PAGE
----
Having had several friends publish books, I’ve often suffered a problem: as delighted as you are to own their book, you don’t find the time to read it. Such books sit reproachfully on a shelf, until you can no longer bear to see the friend again, and have to pretend you’re dead whenever they call.
Cheeky Walks in Brighton and Sussex was one of these books, co-written by my pal David Bramwell. I followed a couple of the walks soon after it’s publication in 2012, then set the book aside. I meant to get back to it and never did.
Many people have written guidebooks to Brighton, but the most appropriate to the town’s spirit were the five editions of the Cheeky Guide. Amongst the usual facts, these books included outrageous lies – the legs at the Duke of York’s do not do a can-can at midday on Sunday, for a start.
According to Argus journalist and competitive eater, Adam Trimingham, the guides “should be taken, like sherry or many soft drugs, in small doses or preferably not at all”. The Cheeky Walks book has the same mischievous humour, which some people will love and others hate.
My friend Sooxanne suggested doing one of the walks on New Years Day rather than sitting around hungover. We chose ‘Brighton’s Back Passages’, a tour of alleys and twittens. I found passageways I’d missed on routes I used to take everyday.
Eating Sunday lunch afterwards, I decided that 2015 would be the year I finished this book. It’s April and I’ve now done 7 of the 21 walks, which makes it my most successful resolution ever.
Organising Sunday walks has been great fun. Sometimes there have just been two of us, other times a whole pack. I’ve made new friends, caught up with some old ones, and heard some fantastic stories.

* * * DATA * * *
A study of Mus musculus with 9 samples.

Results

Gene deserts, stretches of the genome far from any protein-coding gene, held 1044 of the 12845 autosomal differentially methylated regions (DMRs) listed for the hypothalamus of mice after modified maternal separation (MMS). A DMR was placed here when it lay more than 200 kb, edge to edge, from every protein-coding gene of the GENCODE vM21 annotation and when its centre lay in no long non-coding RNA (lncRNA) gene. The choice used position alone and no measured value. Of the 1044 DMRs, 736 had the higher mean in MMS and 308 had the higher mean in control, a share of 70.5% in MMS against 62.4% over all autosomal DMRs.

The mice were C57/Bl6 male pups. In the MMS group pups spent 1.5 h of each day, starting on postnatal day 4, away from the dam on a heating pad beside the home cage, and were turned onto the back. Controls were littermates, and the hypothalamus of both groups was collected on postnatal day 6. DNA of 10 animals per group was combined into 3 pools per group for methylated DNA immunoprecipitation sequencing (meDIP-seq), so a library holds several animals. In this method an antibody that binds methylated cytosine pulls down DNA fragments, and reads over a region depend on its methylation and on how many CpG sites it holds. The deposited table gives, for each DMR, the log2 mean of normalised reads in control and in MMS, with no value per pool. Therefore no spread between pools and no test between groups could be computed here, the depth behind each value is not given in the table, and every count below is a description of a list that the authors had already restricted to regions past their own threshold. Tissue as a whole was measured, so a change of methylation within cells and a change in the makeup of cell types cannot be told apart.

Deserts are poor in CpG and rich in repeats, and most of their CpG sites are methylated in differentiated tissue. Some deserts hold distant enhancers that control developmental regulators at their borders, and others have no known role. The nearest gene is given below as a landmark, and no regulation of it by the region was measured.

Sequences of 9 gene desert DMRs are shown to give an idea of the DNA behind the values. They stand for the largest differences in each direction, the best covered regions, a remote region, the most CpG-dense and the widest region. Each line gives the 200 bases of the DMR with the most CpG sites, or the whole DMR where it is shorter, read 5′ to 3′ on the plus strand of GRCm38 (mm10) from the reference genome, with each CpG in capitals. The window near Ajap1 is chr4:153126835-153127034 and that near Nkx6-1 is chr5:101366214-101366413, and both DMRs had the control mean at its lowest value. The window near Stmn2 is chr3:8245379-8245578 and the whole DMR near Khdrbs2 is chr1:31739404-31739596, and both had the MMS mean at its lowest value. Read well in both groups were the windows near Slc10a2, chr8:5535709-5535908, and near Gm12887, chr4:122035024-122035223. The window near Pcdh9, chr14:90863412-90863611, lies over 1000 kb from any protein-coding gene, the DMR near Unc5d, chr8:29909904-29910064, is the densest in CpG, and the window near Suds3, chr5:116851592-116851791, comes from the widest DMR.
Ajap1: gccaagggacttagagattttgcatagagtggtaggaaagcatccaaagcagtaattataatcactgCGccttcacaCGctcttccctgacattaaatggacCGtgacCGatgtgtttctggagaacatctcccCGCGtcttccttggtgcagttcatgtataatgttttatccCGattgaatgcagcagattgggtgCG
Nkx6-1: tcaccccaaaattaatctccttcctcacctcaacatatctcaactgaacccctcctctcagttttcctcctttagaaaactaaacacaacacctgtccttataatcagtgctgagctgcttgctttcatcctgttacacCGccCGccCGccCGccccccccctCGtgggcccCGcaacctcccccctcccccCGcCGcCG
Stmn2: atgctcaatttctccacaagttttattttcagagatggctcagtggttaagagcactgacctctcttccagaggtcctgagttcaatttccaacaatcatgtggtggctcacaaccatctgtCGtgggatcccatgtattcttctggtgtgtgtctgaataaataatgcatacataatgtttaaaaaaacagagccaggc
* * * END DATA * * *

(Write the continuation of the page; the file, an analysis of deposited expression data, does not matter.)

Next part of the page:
Despite living in Brighton for 20 years, the book has introduced me to areas I never knew about, from the cemeteries at the top of Bear Road, to wild spaces, like Ladies Mile Nature Reserve. Sunday Lunch also tastes much more delicious when you’ve been walking.
(We could have kept to a better budget by making our own sandwiches, but that’s a little too close to being a rambler).
The remaining walks include places such as Rodmell, the abandoned village of Tide Mills and an attempt to make Newhaven exciting. There is a moonlit walk, which will take more effort to fit in. The book will also take me to Arundel for the first time in thirty years, for the 8½ mile ‘Perfect Walk’.
Sunday walks are the perfect budget activity to conclude the week. No admission fees, no registration. What’s more, arranging a walk means you can’t stay out drinking late the night before – saving even more money. I’m having so much fun that I’m wondering what I will do when I’ve finished this book.
I may even have to admit it: in my late thirties, I’m taking up hiking.
Check out this nifty piece for more ideas of free things to do in and around Brighton.